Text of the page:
America Chavez, Marvel's first queer Latina superhero, is definitely pro-punching Nazis

We may earn a commission from links on this page.

America Chavez, a superpowered, inter-dimensional being who can literally punch holes through the fabric of reality, is one of the few queer superheroes of color in mainstream comics right now and the first queer hero Marvel has ever given their own solo series.

America, written by openly queer novelist Gabby Rivera and illustrated by Joe Quinones, takes its titular character out of her comfort zone fighting intergalactic threats and places her on campus at the Sotomayor University for metahumans studying to learn more about the cultural history of the world(s) they're trying to protect. Note the Department of Radical Women & Intergalactic Indigenous Peoples:


The series' first issue does a solid job of establishing who America is and what it is she's trying to get out of her time at Sotomayor, but the issue ends with an iconic exchange that has a significance that transcends the story Rivera is trying to tell. As a part of a homework assignment, America is accidentally transported back to a World War II battlefield where she meets Captain America, who, as luck would have it, was in the middle of a fistfight Adolf Hitler.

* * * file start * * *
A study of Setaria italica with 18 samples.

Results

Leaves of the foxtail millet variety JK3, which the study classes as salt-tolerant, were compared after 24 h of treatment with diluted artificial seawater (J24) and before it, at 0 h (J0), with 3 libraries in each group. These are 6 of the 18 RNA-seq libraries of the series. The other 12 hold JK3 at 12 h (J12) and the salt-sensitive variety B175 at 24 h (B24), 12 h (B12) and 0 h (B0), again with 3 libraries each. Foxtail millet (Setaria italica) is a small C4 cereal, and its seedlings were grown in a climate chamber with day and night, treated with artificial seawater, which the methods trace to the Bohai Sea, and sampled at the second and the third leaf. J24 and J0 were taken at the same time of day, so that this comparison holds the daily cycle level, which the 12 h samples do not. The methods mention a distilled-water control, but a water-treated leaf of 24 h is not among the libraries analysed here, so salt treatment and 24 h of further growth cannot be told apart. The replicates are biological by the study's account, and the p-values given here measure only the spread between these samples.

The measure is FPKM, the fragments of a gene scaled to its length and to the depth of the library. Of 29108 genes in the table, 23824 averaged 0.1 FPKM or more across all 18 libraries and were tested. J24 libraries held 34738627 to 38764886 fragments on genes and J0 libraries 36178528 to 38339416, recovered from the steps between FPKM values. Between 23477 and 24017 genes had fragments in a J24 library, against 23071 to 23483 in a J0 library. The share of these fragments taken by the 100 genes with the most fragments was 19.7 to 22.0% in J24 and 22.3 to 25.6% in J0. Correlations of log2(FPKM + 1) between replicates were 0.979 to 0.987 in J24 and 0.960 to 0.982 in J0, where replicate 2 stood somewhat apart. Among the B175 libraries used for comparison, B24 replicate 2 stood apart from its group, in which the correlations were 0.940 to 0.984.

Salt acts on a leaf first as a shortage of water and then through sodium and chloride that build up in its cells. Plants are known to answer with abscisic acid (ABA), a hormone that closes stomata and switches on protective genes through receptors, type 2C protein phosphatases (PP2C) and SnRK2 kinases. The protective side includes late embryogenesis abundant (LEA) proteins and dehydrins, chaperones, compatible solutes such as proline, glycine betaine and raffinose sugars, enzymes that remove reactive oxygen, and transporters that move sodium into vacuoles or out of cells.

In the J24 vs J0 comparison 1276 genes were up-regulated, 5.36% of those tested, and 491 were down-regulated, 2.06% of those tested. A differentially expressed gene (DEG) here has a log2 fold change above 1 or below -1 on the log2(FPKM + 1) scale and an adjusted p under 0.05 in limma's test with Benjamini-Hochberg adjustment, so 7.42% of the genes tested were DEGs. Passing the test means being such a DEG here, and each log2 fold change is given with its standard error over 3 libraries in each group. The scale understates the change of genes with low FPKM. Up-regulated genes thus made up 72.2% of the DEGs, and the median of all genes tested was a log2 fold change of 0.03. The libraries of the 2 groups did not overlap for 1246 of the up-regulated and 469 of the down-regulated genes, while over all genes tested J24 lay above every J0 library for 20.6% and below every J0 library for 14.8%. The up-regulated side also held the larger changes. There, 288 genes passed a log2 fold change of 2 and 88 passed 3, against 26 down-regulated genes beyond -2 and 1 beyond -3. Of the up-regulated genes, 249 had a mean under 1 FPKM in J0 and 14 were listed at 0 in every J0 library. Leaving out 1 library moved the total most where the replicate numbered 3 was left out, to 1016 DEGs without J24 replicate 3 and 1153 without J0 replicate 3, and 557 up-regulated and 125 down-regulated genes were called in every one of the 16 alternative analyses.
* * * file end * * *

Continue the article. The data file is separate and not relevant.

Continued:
Naturally America is…stunned.


And then, she does what any queer, female immigrant of color would do if they ever came face with the father behind modern-day Naziism would do: she knocks him the hell out.

The panel is an obvious homage to Jack Kirby's cover of the very first issue of Captain America from 1941, but the image is just as powerful and relevant in 2017.


I spoke with Rivera as a recent event at Midtown Comics about the panel and she explained to me that she began planning the book back in October of last year, long before punching white supremacists became a politically charged internet meme.

"We always wanted to end the issue with something strong," Rivera told me. "We wanted to show America doing something powerful and iconic."


Kirby's illustration of Captain America punching Hitler came out a full year before the U.S. actually got involved in WWII and, like America's take on the image, has come at a similarly timely moment in American history. White supremacists are coming out of the woodwork to terrorize people of color and different faiths, what better a message to send than "America sees you and she's ready to fight back?"